Successful floor repair after failure! - Printable Version
I hear so much about these miracle sprays, fast fixes and low prep magic solutions for floor failures I get nauseous. Each one has a list of projects that they have 'successfully' repaired.
I have always been skeptical and want the details, the testing, the analysis, and of course the bullet proof warranty.
You can spray anything on a wet concrete slab and have a vinyl floor stick to it for a while. Especially of the flooring isn't stressed. I like to tell clients you can lay a throw rug on the floor and it will stay there forever, but try to roll a piano over it and see what happens.
To clarify the absurdity of some repair methods I offer this repair scenario which was performed in a medical facility I am very familiar with. The background: Slab on grade, no vapor retarder, previous flooring was VAT. Area in question is a busy hallway with gurney traffic. Chemical adhesive abatement was followed by installation of an ultra high performance sheet flooring.
The flooring bubbled and failed almost immediately.
Manufacturer's reps were called in and gave their recommendation which was not followed. Instead the installer used his own method and the floor has been failure free for two years.
This is where 99% of those 'Our product works just use it!!!" companies stop their banter. What is this miracle method? It's cheap!! It obviously worked! What is it????
Here it is! Get out your checkbook: The installer pulled up the floor and reinstalled it. That's it. No sprays, powders, grinding, voodoo seances, or pretty manufacturer reps required. This method worked just as good as any silicate spray (better in fact because the floor isn't contaminated with silicates now!) and the client is happy. But nobody made any money selling any snake oil, so nobody is selling this method.
But you can feel free to use this secret repair that is PROVEN to work.
RE: Successful floor repair after failure! - Ernesto - 09-26-2011 10:29 AM
The chemical adhesive abatement sounds scary. You mean they used a chemical adhesive stripper?
RE: Successful floor repair after failure! - CC Solutions - 09-26-2011 06:16 PM
Yes, they are used all the time, especially to remove asbestos enriched adhesive.
RE: Successful floor repair after failure! - Ernesto - 09-27-2011 06:33 AM
(09-26-2011 06:16 PM)CC Solutions Wrote: Yes, they are used all the time, especially to remove asbestos enriched adhesive.
I've inspected a couple of floors where stripper...the orange oil stuff was used to remove cutbac adhesives then a wood floor glued to the slab. Turned into a floater real quick! On one of them the enduser contracted out the company because the box store told them it needed to be removed prior to installation and they would not do it.
The box store got away with it because they didn't put the stripper on. I thought they should have done a bond test first but we all know they never do that kinda stuff.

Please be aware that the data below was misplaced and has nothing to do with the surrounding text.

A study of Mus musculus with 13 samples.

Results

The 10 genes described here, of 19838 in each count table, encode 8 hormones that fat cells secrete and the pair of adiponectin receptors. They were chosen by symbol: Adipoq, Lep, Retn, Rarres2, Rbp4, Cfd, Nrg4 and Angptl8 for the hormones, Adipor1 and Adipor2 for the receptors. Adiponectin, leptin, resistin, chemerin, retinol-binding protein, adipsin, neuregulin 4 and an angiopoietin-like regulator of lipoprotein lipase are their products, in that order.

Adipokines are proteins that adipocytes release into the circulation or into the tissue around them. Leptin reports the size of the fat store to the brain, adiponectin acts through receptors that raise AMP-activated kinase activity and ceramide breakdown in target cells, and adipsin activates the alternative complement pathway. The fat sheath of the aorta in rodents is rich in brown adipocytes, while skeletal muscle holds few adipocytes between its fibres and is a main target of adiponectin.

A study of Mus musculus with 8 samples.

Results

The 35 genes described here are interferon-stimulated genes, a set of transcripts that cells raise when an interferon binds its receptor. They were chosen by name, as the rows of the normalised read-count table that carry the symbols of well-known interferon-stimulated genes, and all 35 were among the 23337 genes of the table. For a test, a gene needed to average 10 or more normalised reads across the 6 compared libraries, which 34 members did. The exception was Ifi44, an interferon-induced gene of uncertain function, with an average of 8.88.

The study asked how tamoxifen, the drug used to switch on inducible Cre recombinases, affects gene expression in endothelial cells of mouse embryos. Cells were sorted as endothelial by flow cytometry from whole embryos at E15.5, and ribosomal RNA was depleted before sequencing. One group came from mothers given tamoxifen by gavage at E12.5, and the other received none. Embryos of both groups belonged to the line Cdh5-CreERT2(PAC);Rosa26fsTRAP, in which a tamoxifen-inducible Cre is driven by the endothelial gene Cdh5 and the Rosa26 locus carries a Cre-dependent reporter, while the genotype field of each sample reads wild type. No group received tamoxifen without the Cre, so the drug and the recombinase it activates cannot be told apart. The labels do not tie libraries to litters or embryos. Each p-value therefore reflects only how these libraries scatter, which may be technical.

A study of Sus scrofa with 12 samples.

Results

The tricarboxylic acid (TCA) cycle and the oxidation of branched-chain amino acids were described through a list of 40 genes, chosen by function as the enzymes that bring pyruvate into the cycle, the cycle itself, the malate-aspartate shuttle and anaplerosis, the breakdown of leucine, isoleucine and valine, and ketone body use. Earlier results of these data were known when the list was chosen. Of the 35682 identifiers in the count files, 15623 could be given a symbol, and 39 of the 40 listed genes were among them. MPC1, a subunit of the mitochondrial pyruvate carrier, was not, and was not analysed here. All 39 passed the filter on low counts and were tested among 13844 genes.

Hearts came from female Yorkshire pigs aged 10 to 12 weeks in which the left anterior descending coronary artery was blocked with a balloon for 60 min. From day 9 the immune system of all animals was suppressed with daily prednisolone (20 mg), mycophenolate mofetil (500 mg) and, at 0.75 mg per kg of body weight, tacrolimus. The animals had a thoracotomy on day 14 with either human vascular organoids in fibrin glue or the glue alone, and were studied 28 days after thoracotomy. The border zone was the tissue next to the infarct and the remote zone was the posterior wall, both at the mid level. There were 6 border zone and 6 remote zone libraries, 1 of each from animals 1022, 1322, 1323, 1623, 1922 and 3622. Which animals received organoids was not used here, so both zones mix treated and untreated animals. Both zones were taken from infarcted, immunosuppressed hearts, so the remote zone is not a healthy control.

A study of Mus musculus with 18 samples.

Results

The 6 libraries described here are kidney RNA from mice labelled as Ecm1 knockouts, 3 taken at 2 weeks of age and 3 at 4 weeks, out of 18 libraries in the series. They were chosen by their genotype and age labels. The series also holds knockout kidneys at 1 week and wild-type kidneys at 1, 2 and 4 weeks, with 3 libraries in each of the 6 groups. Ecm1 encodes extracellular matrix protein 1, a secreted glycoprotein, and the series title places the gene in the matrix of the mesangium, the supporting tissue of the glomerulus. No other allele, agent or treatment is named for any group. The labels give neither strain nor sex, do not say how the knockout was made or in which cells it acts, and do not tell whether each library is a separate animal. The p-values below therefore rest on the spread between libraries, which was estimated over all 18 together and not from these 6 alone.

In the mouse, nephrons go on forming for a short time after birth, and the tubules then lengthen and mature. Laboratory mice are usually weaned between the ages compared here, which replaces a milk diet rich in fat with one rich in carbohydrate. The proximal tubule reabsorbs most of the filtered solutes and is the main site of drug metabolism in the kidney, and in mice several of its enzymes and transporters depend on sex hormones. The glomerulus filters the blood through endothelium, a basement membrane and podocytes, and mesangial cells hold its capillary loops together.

RE: Successful floor repair after failure! - CC Solutions - 09-27-2011 06:39 AM
Or they do a bond test on an area they rinsed really well.
The adhesive dissolvers will turn the glue into a slurry that will absorb into the concrete. It's pretty darn hard to get all those chemicals out of the concrete. And once again, anything like that in the concrete voids the adhesive manufacturer's warranty.
I recommend mechanically removing all adhesives. Although I have made some good money coming in to mitigate after the chemical companies leave.
RE: Successful floor repair after failure! - Ernesto - 09-27-2011 08:10 PM
Uh huh, rinsing a home throughly is kinda out of the question unless the sheetrock is a foot off the ground. not to mention all the water that goes back into the concrete that takes ten times longer to exit than mix water.
RE: Successful floor repair after failure! - CC Solutions - 09-28-2011 06:20 AM
We clean concrete in hospitals where the sheetrock is on the floor. We use a 4,000 psi pressure washer and a rotating scrubber and water blast the floor! We even spray down the lower half of the walls! Then we squeegee up the water, vacuum up everything we can and immediately apply a water borne epoxy to the concrete.
The amount of water absorbed by drywall in that brief exposure is minimal..
RE: Successful floor repair after failure! - Ernesto - 09-28-2011 06:44 AM
(09-28-2011 06:20 AM)CC Solutions Wrote: We clean concrete in hospitals where the sheetrock is on the floor. We use a 4,000 psi pressure washer and a rotating scrubber and water blast the floor! We even spray down the lower half of the walls! Then we squeegee up the water, vacuum up everything we can and immediately apply a water borne epoxy to the concrete.
You have no clue about the difference in residential and commercial work do you?
RE: Successful floor repair after failure! - CC Solutions - 09-28-2011 02:20 PM
No difference except for getting paid and maybe working with unions...
Concrete is concrete, and drywall is drywall. You can tape plastic to the walls and seal the bottom edge to the floor and blast a hurricane in someone's basement if you'd like, and really there would be no difference than if you were in a commercial hallway.
What do you think the difference is?
RE: Successful floor repair after failure! - Ernesto - 09-28-2011 02:51 PM
Well first off most people are not going to entirely move out of a home so you can come in and powerwash everything including the walls.
You've got furniture, possibly expensive furnishings, paintings/artwork, draperies, moisture sensitive things like books and other floorcoverings to worry about. Not to mention wood doors and casings. It ain't all sheetrock and steel doors and casings like in hospitals.
Secondly people have to live there during the flooring install. They don't like having their lives totally disrupted. In commercial work everyone goes where....home.